How Big is a Kilobyte?

How big is a kilobyte? How big is a gigabyte? Relative to each other, how big are any two files? Here’s some information which can help you get your head around file sizes and comparing them.

File size is commonly measured in bytes. In a plain text file, typically each byte is equal to one letter. One page of text can hold a few thousand letters, so a plain text file that has one page of text might be about 4,000 bytes in size. Since 1,000 bytes equals 1 kilobyte, we could express that as 4 kilobytes (KB).

Plain text files can only contain letters, numbers and punctuation marks. In other words, they can’t contain any formatting. Formatting is a general term that includes such things as bold text, colored text or fonts (typefaces). The information needed to store formatting details in a file takes up space and thus increases a file’s size. If we took that one-page plain text file and converted it into a Microsoft Word document, underlined some text, converted some of the text to the Palatino font and other text to Times New Roman, this formatted one-page document might grow to be around 100 KB in size.

If you then placed a jpeg image into that one-page Word file, it’s size would increase further. The size of jpeg images can vary widely from tens of kilobytes to hundreds, thousands or even tens of thousands. Let’s imagine that we insert a jpeg that is about 2 inches x 3 inches in size and is a low resolution. Such a jpeg might be 100 KB in size. Now our Word file could be about 200 KB in size.

At this point, you hopefully remember that 1 letter is typically 1 byte in size and have a sense for how file size grows. You likely have a rough idea of how large a word processing file can be. Let’s move on.

In addition to kilo- there are other metric prefixes which you’ll commonly see in front of byte. Here’s a list of some of these prefixes and their size relationship to each other:

8 bits = 1 Byte = 1 letter

1 kilobyte = 1000 bytes
1 megabyte  = 1000 kilobytes (KB)
1 gigabyte = 1000 megabytes (MB)
1 terabyte  = 1000 gigabytes (GB)
1 petabyte = 1000 terabytes (TB)
1 exabyte (EB) = 1000 petabytes (PB)

While file sizes can vary widely, here are some gross generalizations to further help get your head around the sizes of different types of files.

1 page of text might be around 50 KB
1 email message of two paragraphs might be 10 KB
1 jpeg photo could be 500 KB
60 minutes of spoken words could be 25 MB = 25,000 KB
a 10 minute long mp3 song could be  20 MB = 20,000 KB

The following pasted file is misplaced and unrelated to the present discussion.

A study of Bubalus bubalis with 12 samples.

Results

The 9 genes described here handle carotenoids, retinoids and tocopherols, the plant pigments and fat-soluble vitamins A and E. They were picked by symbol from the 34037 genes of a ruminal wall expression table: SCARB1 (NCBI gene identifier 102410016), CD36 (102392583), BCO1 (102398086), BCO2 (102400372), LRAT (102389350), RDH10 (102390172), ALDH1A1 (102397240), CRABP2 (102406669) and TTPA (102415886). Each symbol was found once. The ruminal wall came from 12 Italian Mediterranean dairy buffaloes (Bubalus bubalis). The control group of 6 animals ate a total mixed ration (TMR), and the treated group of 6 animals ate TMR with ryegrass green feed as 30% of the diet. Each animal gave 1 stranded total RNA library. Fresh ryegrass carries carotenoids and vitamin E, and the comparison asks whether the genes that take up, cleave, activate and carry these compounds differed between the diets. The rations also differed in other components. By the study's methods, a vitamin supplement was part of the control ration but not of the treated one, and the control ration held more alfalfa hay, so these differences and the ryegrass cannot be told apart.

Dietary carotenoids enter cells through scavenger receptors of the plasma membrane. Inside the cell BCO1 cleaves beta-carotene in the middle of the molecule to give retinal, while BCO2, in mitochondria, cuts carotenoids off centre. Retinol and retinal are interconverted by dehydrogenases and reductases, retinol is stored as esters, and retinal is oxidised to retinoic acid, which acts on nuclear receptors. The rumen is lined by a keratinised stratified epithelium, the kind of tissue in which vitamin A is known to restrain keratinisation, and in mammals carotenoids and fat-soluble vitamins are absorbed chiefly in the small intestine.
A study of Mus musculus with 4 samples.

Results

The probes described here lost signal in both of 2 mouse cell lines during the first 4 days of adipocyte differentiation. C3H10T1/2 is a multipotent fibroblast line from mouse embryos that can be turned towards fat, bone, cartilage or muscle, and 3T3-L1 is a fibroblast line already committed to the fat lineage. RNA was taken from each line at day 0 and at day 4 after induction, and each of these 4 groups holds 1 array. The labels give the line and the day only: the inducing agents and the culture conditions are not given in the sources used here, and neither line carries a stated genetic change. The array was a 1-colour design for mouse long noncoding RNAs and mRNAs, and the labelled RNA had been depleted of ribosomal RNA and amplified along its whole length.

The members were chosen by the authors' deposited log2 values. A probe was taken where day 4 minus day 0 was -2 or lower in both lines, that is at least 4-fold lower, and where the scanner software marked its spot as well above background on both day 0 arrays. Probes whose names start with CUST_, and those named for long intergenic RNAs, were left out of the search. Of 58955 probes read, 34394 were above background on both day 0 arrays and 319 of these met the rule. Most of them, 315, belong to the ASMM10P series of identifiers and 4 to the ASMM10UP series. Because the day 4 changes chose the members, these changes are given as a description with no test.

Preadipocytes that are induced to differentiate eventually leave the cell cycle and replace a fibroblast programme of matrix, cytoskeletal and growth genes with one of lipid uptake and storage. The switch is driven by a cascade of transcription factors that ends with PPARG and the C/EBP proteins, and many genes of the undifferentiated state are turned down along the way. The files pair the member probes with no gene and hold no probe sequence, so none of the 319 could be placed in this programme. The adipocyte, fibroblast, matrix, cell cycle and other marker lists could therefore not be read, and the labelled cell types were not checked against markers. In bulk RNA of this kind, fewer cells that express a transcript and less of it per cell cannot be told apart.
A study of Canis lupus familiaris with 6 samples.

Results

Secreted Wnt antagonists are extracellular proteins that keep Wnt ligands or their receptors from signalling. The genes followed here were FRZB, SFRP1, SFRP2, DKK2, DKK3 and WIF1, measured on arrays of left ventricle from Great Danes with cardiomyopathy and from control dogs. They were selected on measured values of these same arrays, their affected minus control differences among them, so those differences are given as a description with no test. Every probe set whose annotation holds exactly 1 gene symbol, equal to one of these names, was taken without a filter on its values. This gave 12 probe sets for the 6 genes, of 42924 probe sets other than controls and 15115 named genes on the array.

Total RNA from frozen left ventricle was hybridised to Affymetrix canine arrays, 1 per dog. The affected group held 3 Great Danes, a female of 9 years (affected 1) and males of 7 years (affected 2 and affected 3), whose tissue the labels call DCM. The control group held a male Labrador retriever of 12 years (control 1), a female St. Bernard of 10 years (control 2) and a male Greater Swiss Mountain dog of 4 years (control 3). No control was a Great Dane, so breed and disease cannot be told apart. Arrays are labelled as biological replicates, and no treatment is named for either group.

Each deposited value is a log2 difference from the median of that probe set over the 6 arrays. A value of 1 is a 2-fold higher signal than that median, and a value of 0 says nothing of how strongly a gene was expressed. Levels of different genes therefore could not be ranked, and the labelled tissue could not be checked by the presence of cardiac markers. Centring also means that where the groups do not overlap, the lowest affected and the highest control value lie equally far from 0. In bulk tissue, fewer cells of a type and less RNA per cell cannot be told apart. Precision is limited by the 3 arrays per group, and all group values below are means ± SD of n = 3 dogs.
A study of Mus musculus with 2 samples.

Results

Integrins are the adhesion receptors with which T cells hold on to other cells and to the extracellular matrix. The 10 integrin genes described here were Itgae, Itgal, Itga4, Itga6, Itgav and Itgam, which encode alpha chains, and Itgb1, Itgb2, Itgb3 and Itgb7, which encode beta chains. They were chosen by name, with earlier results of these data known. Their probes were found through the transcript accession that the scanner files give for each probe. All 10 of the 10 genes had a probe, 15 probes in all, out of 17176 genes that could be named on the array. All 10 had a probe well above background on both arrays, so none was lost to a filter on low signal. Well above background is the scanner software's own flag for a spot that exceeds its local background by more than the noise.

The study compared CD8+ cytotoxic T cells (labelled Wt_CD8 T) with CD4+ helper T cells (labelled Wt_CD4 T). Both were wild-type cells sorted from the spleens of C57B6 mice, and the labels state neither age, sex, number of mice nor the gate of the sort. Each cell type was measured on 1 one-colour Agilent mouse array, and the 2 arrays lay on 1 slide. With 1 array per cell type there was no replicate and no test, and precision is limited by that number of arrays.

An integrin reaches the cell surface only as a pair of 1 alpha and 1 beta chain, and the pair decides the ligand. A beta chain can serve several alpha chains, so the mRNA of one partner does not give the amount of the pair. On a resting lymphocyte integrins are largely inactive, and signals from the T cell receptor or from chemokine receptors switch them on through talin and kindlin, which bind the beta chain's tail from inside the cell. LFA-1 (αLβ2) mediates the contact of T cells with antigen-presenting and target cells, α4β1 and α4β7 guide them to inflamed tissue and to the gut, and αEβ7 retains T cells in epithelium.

1,000 minutes of an audiobook could be = 1.4 GB = 1,400 MB = 1,400,000 KB
2 hour long movie could be = 5 GB = 5,000 MB = 5,000,000 KB

These days a computer’s hard drive is typically measured in terms of gigabytes or possibly even terabytes. So how many Word files, jpeg photos, mp3 songs and movies could be stored on your hard drive?

If your hard drive’s storage capacity is 100 GB then you could have room for the following. Let’s assume that Mac OS X requires about 5 GB of storage space and that your applications (Word, Safari, iPhoto, etc) take another 20 GB then that leaves us with 75 GB to store our own files. Again, let me use some gross estimates and generalizations. This will let you see some rough comparisons and that photos and music files take up a lot more space than individual Word files or a typical email message.

5,000 photos could use 10 GB
5,000 mp3 songs could use 30 GB
5,000 email messages with their attachments could use 100 MB  or .1 GB
5,000 Word, Excel and PDF documents could use 600 MB or .6 GB

Added together, these photos, songs, email messages and other files are about 42 GB. Since we have 75 GB of available space on our 100 GB hard drive we know that we’d still have a healthy amount of free space even with this many items. Roughly 30 GB of space would still be free. To fill up this much space you might need another 15,000 photos or another 5,000 songs or another million or so email messages.

With this information you should have a general sense of how large files of different types should be and how their sizes compare. If somebody told you that you need to clean up your hard drive to free up storage space, you’d know that you should focus on files that take up 100 megabytes or gigabytes of space. You’d know not to worry about files which take up kilobytes of space since it would take thousands and thousands of these smaller files to equal the space of a larger file. Thus, when you need to clean up, you typically shouldn’t waste your time deleting old emails. Instead, review your pictures, music and video files to see if you can get rid of some of those.